Agents are self-altering algorithms

Chain-of-thought reasoning is surprisingly powerful when combined with tools. It feels like a natural programming pattern of LLMs: thinking by writing. And it's easy to see the analogy to humans: verbalizing your thoughts in written (journalling) or spoken ("talking things through") form is a good way to actually make progress.

To put another way: words are not just a way to transmit thoughts; generating sentences is intertwined with the process of thinking itself. Literally, prompting an LLM to output more text than needed could be said as giving it space to think in a divergent way before converging. Again, humans do this too: journalling is a good way to think, but you could probably condense the same message into 10% the words. The rest is your Space to think.

Less philosophically, langchain has a concept of Agents and Tools.

A tool is a function that can be called by an LLM; both the input and output of the function are text. A calculator could be a tool, or a Python interpreter. Internet search is a standard and valuable tool. You can also implement custom tools like "send SMS". Funnily enough, "ask a human" is a valid tool you could implement, and in fact was recently introduced to langchain.

An agent is an LLM that is prompted to complete a task and given the option to use tools in the process. In addition, it is prompted to use explicit Thought-Action-Observation loops, which are very effective.

The power of Agents becomes evident when compared to the less powerful option, fixed Chain-of-thought reasoning. In that paradigm, you write in advance a list of instructions which are called consecutively, like so:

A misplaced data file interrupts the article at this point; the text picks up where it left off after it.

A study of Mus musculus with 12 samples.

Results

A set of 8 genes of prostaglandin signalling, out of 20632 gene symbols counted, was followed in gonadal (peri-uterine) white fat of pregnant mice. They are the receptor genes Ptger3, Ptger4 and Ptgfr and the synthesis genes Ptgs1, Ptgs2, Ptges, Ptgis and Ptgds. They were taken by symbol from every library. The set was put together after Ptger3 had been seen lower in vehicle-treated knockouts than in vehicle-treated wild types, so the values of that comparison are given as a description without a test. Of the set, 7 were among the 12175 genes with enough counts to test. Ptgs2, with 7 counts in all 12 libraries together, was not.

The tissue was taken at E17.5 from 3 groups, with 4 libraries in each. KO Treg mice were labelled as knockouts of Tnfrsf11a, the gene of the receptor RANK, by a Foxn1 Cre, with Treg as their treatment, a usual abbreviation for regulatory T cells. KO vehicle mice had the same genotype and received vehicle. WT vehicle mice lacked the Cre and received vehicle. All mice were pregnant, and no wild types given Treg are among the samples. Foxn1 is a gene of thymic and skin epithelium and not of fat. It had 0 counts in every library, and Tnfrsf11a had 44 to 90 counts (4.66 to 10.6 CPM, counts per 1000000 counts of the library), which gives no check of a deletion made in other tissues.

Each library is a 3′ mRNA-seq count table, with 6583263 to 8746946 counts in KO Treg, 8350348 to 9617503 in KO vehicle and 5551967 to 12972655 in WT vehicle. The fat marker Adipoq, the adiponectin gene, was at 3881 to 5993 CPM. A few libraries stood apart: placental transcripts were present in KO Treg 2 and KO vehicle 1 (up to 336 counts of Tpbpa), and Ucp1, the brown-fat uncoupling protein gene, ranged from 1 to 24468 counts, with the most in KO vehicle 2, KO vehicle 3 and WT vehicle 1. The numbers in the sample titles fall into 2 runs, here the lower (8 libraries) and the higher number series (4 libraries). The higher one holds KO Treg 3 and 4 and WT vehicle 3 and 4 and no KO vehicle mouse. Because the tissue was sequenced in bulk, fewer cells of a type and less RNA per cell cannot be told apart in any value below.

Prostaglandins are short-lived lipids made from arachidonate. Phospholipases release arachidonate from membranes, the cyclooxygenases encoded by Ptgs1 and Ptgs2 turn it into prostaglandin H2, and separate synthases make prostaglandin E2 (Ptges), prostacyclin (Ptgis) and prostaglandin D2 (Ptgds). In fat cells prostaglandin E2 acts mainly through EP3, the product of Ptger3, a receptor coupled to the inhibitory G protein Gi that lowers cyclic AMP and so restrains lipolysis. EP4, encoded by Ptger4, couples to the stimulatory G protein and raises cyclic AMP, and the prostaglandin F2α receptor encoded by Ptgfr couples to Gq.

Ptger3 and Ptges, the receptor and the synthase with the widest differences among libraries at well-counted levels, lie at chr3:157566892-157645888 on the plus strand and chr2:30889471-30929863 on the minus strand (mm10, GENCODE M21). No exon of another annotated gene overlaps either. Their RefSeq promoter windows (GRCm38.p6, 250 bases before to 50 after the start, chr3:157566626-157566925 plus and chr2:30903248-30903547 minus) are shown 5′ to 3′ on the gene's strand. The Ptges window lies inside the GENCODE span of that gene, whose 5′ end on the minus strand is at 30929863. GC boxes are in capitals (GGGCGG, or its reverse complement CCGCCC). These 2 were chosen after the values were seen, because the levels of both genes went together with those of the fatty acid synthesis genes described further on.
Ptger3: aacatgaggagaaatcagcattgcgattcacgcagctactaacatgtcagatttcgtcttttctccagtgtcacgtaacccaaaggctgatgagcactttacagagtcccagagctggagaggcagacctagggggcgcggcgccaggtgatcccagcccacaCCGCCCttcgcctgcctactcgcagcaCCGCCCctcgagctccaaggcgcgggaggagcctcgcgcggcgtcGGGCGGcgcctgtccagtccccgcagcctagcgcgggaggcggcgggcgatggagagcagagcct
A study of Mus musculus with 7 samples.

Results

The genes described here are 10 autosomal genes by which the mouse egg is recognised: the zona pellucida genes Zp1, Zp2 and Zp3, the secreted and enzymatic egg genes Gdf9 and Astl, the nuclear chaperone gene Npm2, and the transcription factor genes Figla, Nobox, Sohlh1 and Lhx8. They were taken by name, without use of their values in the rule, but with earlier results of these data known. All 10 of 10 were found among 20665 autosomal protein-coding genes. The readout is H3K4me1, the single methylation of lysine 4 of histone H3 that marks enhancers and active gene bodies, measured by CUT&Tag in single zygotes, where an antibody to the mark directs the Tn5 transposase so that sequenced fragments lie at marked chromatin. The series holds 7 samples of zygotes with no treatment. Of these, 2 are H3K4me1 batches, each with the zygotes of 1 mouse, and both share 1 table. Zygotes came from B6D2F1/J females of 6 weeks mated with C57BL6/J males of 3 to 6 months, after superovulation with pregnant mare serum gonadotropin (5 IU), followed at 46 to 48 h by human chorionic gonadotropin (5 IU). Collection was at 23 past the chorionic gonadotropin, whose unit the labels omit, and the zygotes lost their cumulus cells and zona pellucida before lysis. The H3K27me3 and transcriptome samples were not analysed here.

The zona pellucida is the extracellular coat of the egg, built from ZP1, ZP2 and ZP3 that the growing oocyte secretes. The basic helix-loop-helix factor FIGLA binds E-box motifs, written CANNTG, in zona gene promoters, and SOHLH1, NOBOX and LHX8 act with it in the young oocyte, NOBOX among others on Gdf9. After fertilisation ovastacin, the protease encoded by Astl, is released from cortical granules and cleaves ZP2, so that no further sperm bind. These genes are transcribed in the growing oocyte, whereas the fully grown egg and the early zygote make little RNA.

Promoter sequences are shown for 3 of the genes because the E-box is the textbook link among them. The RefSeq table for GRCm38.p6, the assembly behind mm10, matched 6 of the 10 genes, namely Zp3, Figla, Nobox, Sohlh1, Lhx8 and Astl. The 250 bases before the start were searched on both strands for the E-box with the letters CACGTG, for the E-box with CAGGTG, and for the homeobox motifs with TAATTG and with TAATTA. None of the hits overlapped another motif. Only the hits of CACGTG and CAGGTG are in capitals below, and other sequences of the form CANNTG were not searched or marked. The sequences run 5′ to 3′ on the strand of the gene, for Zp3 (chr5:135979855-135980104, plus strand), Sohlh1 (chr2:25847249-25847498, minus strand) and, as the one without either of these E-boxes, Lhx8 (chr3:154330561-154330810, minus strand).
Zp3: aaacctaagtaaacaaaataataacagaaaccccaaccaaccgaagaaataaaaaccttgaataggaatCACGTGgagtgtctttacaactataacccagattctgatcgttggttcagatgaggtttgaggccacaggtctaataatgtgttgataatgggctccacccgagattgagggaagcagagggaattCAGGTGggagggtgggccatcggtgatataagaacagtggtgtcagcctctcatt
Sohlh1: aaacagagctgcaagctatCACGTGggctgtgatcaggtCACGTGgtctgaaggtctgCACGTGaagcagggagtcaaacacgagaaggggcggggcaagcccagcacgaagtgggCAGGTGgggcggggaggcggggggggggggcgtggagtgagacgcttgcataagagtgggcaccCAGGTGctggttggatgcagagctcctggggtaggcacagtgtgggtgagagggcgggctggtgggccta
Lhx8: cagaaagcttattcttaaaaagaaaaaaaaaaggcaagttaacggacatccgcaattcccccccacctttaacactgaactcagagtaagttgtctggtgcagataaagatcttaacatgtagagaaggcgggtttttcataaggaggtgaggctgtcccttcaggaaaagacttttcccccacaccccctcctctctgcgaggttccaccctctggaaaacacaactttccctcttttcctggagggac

1. Write an outline of a blog post on {topic}.
  2. Write the blog post (given the previous step's output as input).
  3. Write the title for the blog post (given the previous step's output as input).

This is essentially an algorithm that the LLM is following: a fixed set of steps that it follows to produce the output.

Agents do essentially the same, but the steps are not defined in advance. The model can take any conceptual step (thought), use any of the available tools (action), and see what happens (observation) to then adjust its behaviour. This means a Agent can solve any problem, as long as it has the right tools and the base LLM is capable enough. It's an algorithm that generates itself during execution.

This is very human.

Also human is delegating to other Agents. You pay someone to bring your food, write your speech, test your code, etc. Similarly, text-in-text-out agents can use each other as tools. But not only within one company! These agents will be able to expose public interfaces and charge each other (like you are charged for calling the Twilio API). Far before AGI, might we have an Agent-to-Agent economy?